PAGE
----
A Virtual CLE Celebrating the Career of an Extraordinary Jurist
RBG CLE: Ethics is a Continuing Legal Education session, accredited for two hours of Elimination of Bias. It is anchored by Supreme Court cases emblematic of the brilliance of Justice Ruth Bader Ginsburg’s career, first as an attorney arguing in front of the Supreme Court and later as a Justice. Justice Ginsburg proved time and again that she was a force to be reckoned with, and there is no better evidence of her tenacity and quickness than in her oral and written arguments. Justice Ginsburg displayed keen insight and wisdom for the entirety of her 27 years on the Supreme Court, and was among the most avid questioners on the bench. Oral arguments and decisions – dissenting, concurring, and majority opinions – are performed verbatim by Sally Wingert, Mixed Blood favorite and Twin Cities legend. Additionally, documentary film excerpts of Ruth Bader Ginsburg will be peppered throughout the session.
Historically significant gender-based cased are center stage, with reenactments being followed by panel discussions with renowned Minnesota jurists and lawyers, facilitated by Chris Carlson of Narrative Pros. Those cases include:
As ACLU attorney:
Califano v Goldfarb: a 1977 decision by the United States Supreme Court, which held that the different treatment of men and women mandated by 42 U.S.C. § 402(f)(1)(D) constituted invidious discrimination against female wage earners by affording them less protection for their surviving spouses than is provided to male employees, and therefore violated the Due Process Clause of the Fifth Amendment.
Kahn v Shevin: a 1974 Supreme Court decision ruling that state tax law cannot be held to be arbitrary if it discriminates in favor of a certain class because of certain differences in the class or the state policy which do not clash with the federal constitution.
As Supreme Court Justice:
Shelby County v Holder: a landmark decision of the US Supreme Court regarding the constitutionality of two provisions of the Voting Rights Act of 1965: Section 5, which requires certain states and local governments to obtain federal preclearance before implementing any changes to their voting laws or practices; and Section 4(b), which contains the coverage formula that determines which jurisdictions are subjected to preclearance based on their histories of discrimination in voting. RBG wrote the Dissent.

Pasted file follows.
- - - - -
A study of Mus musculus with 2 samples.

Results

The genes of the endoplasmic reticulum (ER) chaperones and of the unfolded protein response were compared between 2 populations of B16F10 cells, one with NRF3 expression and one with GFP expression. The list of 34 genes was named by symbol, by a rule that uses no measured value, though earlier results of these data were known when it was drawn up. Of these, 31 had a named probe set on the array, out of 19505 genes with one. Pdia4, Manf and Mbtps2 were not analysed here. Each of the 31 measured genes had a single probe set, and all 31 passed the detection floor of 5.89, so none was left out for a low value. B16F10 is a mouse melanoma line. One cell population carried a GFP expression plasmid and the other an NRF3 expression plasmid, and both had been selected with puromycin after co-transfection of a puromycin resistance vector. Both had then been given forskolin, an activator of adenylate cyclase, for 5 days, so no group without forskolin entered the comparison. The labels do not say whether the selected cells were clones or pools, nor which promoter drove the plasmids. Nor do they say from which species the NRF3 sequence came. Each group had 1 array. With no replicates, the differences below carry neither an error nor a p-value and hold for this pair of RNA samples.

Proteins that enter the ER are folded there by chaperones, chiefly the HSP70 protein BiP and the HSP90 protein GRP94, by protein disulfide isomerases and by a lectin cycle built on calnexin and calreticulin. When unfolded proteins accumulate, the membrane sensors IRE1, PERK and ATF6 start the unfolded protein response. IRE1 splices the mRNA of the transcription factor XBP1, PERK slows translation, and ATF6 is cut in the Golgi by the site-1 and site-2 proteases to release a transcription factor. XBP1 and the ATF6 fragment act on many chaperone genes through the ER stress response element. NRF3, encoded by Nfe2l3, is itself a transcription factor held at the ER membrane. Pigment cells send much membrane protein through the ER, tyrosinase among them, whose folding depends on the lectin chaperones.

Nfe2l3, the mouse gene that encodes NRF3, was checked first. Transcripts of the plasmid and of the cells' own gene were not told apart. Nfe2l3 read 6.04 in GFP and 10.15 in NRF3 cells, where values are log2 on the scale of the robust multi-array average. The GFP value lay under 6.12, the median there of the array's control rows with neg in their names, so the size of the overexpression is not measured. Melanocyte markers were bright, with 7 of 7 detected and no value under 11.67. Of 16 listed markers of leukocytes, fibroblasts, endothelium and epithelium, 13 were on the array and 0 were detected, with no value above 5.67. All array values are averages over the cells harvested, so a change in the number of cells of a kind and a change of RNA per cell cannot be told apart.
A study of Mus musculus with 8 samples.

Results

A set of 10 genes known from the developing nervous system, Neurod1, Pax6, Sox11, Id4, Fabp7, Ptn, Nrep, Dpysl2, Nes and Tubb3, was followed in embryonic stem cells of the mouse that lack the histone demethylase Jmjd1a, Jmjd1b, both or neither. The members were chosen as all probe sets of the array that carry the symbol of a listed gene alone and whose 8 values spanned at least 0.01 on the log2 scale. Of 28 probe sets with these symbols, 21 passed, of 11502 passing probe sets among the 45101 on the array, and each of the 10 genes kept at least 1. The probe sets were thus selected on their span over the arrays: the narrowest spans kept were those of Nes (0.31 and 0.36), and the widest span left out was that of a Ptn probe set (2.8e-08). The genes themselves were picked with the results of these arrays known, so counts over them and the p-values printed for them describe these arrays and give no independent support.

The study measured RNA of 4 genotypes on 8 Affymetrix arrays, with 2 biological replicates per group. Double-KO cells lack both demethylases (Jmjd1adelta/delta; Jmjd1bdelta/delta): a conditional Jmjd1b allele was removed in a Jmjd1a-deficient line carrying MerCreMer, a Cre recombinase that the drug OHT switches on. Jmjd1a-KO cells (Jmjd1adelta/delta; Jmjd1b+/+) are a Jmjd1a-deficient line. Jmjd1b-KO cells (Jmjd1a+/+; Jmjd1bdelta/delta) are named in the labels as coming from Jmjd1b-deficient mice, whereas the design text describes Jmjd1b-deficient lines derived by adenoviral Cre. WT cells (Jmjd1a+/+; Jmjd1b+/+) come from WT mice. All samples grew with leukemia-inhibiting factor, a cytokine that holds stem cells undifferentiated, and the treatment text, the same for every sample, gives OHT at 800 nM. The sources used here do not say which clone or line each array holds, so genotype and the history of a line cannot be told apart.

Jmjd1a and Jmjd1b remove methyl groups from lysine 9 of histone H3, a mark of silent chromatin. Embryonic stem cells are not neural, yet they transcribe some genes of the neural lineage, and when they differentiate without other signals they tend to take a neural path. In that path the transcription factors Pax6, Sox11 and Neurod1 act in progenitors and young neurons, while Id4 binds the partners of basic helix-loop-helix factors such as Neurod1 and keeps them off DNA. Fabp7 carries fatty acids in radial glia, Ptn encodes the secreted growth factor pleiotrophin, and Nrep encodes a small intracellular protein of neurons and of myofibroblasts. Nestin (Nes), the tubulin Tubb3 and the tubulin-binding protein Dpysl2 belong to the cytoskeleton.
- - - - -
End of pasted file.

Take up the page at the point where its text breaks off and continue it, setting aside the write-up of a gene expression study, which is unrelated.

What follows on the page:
Olmstead v. LC: a 1999 Supreme Court case regarding discrimination against people with mental disabilities.
Burwell v Hobby Lobby: a 2O14 decision in United States corporate law by the Supreme Court allowing closely held for-profit corporations to be exempt from a regulation its owners religiously object to, if there is a less restrictive means of furthering the law’s interest, according to the provisions of the Religious Freedom Restoration Act (RFRA). RBG wrote the Dissent.
Ruth Bader Ginsburg spent a lifetime flourishing in the face of adversity before being appointed a Supreme Court justice, where she successfully fought against gender discrimination and unified the liberal block of the court. She became the first female professor at Columbia to earn tenure. Ginsburg also directed the influential Women’s Rights Project of the American Civil Liberties Union during the 1970s. In this position, she led the fight against gender discrimination and successfully argued six landmark cases before the U.S. Supreme Court. Ginsburg took a broad look at gender discrimination, fighting not just for the women left behind, but for the men who were discriminated against as well.
Ginsburg accepted Jimmy Carter’s appointment to the U.S. Court of Appeals for the District of Columbia in 1980. She served on the court for thirteen years until 1993, when Bill Clinton nominated her to the Supreme Court of the United States.
Guthrie stalwart Sally Wingert portrays Ruth Bader Ginsburg. Wingert is a local legend, appearing on Broadway as well as all of the major stages of the Twin Cities and beyond, garnering numerous Ivey Awards for her acting acumen.
RBG CLE: Ethics is a virtual presentation, being offered on Zoom on April 8 from 8 – 11 AM. Accredited for two Elimination of Bias hours, it costs $180.